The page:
The Snow Child


Unknown Mabel and Jack moved to Alaska to escape from their sorrows in Pennsylvania, perhaps underestimating the potential toll that living in the wilderness might take on their bodies and spirits. Jack worked long hours clearing land for a cabin and a field to grow crops. Mabel took care of the domestic side of life and baked pies for the restaurant in their little “town,” to make some extra money, but she felt more distant than ever from Jack because of his long hours and the effect of the punishing labor on his aging body. One night, during the first snowstorm, the two went out to celebrate the event, by building a snow girl, replete with mittens and scarf. Days later, they noticed a little girl in the woods, alone and shy, wearing their mittens and scarf. Gradually they were able to draw her closer to their house, until finally they spoke to her. She was a wild little thing, accompanied only by her friend, the fox, surviving in the wilderness.

This book is a love letter (and a love story) to the wild beauty that is Alaska and to the hardy souls who make it their home. The harsh winters provide a context for people to help their neighbors in ways that are unimaginable in suburban life in the lower 48. Adversity can bring out the best in people, as it does here, and enriches the lives of all involved.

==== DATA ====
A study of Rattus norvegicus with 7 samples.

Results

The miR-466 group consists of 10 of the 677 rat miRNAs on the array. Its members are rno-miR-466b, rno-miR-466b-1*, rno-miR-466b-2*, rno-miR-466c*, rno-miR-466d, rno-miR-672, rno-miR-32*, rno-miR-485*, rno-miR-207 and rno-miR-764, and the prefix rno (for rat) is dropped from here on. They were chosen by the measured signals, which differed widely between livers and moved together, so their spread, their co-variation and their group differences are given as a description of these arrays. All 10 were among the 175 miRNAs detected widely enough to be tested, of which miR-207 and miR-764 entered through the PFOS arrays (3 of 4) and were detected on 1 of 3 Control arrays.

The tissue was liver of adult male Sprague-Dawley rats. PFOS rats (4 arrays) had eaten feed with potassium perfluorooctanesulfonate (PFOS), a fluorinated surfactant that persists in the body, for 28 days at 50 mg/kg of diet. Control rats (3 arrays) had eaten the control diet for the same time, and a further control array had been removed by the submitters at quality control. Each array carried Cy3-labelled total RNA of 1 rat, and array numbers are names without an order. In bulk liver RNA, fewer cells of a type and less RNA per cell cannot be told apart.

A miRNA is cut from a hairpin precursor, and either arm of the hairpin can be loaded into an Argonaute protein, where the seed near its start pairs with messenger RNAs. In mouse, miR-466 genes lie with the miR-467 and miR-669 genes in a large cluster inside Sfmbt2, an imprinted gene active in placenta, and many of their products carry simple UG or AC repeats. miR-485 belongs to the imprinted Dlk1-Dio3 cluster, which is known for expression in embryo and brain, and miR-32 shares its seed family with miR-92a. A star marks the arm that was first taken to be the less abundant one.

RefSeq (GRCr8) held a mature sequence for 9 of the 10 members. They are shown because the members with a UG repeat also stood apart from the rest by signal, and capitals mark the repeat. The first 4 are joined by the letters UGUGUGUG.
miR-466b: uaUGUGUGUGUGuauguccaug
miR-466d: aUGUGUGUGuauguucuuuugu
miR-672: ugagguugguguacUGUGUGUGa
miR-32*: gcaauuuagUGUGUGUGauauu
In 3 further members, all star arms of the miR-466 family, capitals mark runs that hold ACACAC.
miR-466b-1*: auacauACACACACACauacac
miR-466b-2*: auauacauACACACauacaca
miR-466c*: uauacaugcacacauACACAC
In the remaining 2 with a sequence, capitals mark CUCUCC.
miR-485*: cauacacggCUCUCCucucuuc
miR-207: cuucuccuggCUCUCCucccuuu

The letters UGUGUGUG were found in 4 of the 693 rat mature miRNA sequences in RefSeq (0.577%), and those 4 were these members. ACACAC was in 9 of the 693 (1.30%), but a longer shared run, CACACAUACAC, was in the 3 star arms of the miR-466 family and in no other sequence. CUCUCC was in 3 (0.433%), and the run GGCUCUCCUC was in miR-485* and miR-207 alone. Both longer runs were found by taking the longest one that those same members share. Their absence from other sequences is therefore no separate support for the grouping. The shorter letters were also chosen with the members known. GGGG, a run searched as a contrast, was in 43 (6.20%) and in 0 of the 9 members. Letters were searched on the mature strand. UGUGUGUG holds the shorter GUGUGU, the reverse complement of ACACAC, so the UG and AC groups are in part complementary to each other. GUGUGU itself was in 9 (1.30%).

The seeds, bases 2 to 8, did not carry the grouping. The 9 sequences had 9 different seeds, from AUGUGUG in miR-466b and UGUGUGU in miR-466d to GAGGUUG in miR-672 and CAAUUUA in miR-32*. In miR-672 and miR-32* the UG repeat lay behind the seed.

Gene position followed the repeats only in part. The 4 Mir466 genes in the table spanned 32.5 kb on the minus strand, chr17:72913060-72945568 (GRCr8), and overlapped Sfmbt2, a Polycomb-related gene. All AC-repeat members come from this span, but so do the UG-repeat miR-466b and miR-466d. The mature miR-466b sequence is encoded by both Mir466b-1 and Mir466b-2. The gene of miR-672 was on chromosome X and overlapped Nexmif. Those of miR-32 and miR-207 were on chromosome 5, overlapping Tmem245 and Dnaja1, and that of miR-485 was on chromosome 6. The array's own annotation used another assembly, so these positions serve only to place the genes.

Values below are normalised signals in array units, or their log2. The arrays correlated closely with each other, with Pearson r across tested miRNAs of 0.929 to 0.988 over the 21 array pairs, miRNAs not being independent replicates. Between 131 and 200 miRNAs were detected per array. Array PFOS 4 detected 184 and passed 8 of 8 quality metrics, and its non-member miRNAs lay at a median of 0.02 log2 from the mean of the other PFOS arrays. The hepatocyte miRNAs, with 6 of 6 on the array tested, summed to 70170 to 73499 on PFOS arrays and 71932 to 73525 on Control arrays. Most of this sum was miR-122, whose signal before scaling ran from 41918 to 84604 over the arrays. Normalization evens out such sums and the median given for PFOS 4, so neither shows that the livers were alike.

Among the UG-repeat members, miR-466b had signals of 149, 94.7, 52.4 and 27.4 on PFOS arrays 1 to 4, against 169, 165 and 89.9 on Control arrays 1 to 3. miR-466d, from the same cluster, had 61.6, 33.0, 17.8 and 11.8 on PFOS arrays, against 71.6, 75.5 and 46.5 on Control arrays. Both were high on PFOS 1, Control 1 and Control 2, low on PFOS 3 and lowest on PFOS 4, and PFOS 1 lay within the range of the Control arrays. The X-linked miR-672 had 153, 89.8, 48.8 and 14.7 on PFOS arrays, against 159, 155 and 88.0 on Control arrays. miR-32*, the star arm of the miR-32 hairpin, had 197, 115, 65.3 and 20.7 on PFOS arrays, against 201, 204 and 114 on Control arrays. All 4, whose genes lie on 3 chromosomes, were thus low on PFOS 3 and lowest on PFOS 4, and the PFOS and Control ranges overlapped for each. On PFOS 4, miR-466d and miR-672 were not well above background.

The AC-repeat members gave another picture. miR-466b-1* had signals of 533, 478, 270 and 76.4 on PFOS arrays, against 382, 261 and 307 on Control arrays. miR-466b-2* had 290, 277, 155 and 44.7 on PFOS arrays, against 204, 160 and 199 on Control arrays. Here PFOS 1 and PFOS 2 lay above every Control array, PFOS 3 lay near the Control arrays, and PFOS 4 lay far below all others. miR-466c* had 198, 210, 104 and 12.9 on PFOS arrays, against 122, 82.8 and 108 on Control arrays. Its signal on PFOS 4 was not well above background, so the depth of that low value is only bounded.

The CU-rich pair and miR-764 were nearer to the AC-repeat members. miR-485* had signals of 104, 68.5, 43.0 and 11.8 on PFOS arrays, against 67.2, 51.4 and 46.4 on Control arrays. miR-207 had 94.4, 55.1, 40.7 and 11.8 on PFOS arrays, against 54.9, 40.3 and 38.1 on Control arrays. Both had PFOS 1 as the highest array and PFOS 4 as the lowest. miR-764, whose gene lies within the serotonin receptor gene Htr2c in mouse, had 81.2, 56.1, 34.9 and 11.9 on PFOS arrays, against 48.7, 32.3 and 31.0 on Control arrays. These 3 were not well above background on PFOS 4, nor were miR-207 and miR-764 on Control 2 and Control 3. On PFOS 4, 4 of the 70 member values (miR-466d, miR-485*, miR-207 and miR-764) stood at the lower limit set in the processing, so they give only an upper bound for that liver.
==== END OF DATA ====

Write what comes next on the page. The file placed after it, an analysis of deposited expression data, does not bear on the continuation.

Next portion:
THE BEAUTY: Mabel had a relationship with a river otter that she kept  a secret from everyone, including Jack. She liked watching his antics from afar, and it was during one of these sessions with him that she felt a soaring sensation in her heart, that she knew to be love. Her otter helped her fall in love with the wild place that had been her home for eight years.



When the land softened in the Alaskan summer, Mabel and Jack would have feasts with the Bensons, their closest neighbors, where the men built an alder fire early in the morning to roast the meat of the black bear that Garret Benson had shot. Esther would bring potato and beet salad and Mabel baked fresh rhubarb pie. We’re fresh out of black bear meat, and rhubarb season is over, so it had to be potato salad.

Russian Beet and Potato Salad

2 beets
4 small potatoes
2 small carrots
3 small dill pickles, diced
¼ C vegetable oil
2 T champagne vinegar, or balsamic vinegar
salt to taste
3 green onions, chopped

Bring a large pot of water to a boil, and cook beets until tender, about 30 minutes. Bring a separate pot of water to a boil and cook potatoes and carrots until tender, about 20 minutes. Drain vegetables, cool, and remove skins. Dice and place in a large bowl.

Place the diced pickles in the bowl with beets, potatoes, and carrots. Drizzle the olive oil and vinegar over the mixture and toss to coat. Season with salt. Sprinkle with green onions. Chill completely before serving.

Ate it all before remembering to take a picture!